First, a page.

DRACUT — A new initiative descending in Dracut this fall aims to spur the local economy and foster closeness between veterans of all ages in the town.
Veterans Service Officer Lynette Gabrila, who works for the town of Dracut, is spearheading the multi-faceted initiative, which includes the issuance of identification cards to Dracut veterans and a request that local businesses extend to veterans a discount at their establishments. Participating businesses will be added to a “Proud Supporting Business of Dracut Veterans” list that Gabrila will have dispersed with each new ID card issuance. She hopes to have the initiative in effect by October.
“We’re trying to get veterans to enhance the local economy, so offering them a discount at local establishments will better the economy of Dracut for all of our smaller mom and pop type shops,” Gabrila said. “I’m a big supporter in local economy, so I want to be able to have veterans try to steer away from so much of the big box stores and just help out the more family-owned businesses in town.”
So far, one business has signed up to participate — M.L. Shaw’s. The restaurant at 14 Loon Hill Road in Dracut has committed to offering veterans a 15 percent discount as part of the initiative.
“I just kind of feel like all those brave men and women have always put the country and our values first, so we should do that too,” said owner Lyndie Shaw. “We should put them first.”
Gabrila said she is currently compiling a list of local businesses to whom she will be mailing requests to. “Along with having your business listed on a handout for our veterans, you will receive a “Proud Supporter of Dracut Veterans” sticker to proudly showcase in your window!” the letter reads.
On a shelf in Gabrila’s office at the Dracut Council on Aging is a newly purchased card printer which will be used for the ID cards. Her phone has been blowing up recently with veterans asking about them, she said. Gabrila added that the ID will bring more veterans into her office so she can get to know them and also encourage them to volunteer in the community and help other Dracut veterans. She would also be able to keep them abreast of events and benefits they’re eligible to receive.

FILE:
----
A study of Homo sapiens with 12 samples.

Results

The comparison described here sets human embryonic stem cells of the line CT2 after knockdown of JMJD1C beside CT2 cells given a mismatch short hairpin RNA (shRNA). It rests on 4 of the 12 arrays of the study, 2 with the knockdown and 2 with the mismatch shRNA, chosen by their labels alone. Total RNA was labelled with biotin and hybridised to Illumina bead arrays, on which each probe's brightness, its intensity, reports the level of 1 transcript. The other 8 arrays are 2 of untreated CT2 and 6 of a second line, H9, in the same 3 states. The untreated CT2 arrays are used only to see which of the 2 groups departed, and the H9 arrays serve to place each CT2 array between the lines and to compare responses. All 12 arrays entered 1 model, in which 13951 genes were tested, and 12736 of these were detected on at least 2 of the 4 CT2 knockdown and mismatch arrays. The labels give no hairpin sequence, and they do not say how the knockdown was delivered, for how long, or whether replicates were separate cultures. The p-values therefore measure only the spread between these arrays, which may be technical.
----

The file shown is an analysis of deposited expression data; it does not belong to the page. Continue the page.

“We’re losing a lot of our World War II veterans and our younger generation veterans — like the OIF (Operation Iraqi Freedom) and OEF (Operation Enduring Freedom) veterans — they are not as active in the community as we would like them to be,” Gabrila said, adding that the number of Dracut veterans attending programs during Veterans Day and Memorial Day has dwindled. “We’re trying to get them to kind of come out of their shell.”
Jayne Leather, a U.S. Army veteran who stops by the Council on Aging often to see Gabrila, gave the initiative her stamp of approval on Thursday afternoon.
“I think it’s just an awesome idea for those veterans, especially the ones that have served during war time … to get out and be a part of the community,” the 56-year-old Leather said. “The veterans that have PTSD, it might get them out and get them a little more active, interacting with other people. I think it’s a great idea … and to help us save money a little bit, obviously.”
Anyone interested in participating in the initiative or would like more information are encouraged to contact Gabrila at 978-455-1349 or email@example.com.
Follow Amaris Castillo on Twitter @AmarisCastillo.